On Thursday, July 14, a group of Young Socialists and representatives of the Editorial Board of Der Funke
organised a picket in front of the Brazilian embassy to protest against
the threatened repression of the Cipla and Interfibra workers who have
occupied their factories to defend their jobs.
The victory of Lula well over a year ago in Brazil represented a dramatic shift
to the left in Brazilian society. However, the Lula government once elected
quickly moved to applying the programme of the bosses. This is preparing new
contradictions within the Brazilian labour movement.
The labour standards which the Brazilian workers have won over the years are once again being threatened by the government of Fernando Henrique Cardoso. The unions organised in the CUT (Central Workers' Union Confederation) are organising a nationwide general strike for the beginning of March.
The recent gathering of the World Social Forum in Porto Alegre showed clearly how the anti-globalisation movement is becoming more and more dominated by career politicians, and groups and organisations that do not really represent the millions of youth who look to this movement for an alternative to the capitalist system. The capitalist class internationally is using a dual tactic. On the one hand, where they feel it to be necessary (as in Genoa) they use the most repressive and brutal methods to try to crush the movement. On the other hand they try to corrupt the movement and direct it away from radical anti-capitalist ideas.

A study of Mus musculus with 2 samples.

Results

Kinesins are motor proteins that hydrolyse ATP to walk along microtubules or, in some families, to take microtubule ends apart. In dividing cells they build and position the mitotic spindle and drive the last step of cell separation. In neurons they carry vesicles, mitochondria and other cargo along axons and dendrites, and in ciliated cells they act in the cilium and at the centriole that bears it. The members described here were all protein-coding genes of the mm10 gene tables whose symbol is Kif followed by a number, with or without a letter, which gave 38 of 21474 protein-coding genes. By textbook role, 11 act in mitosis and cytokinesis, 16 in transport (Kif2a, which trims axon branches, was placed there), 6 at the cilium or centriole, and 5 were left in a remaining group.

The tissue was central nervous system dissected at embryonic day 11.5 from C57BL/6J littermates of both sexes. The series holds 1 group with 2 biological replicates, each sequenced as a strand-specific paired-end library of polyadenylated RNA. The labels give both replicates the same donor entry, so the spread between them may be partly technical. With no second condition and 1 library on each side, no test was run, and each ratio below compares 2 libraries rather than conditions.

In a week's time the second round of the Brazilian elections are to be held. In the first round Lula, the candidate of the PT came first by a large margin and looks set to win the second round. In this article Dario Castro analyses the results of the first round and looks at the situation a PT government will be facing, with the mounting debt and the huge pressure it would face both from the bourgeois on the one side and the workers on the other.
To scenes of wild rejoicing on the streets, the people of Brazil celebrated the landslide victory of Luiz Inacio Lula da Silva, the president of the Workers’ Party (PT). This was undoubtedly a heavy blow struck by the masses against the corrupt and degenerate oligarchy that has ruled Brazil for decades. It has caused shock waves that will reverberate throughout the whole of Latin America and beyond. Now however a period opens up in which the PT government will come under enormous pressure from two sides, the bourgeoisie and the workers and poor. Alan Woods outlines the tasks facing the Brazilian working class.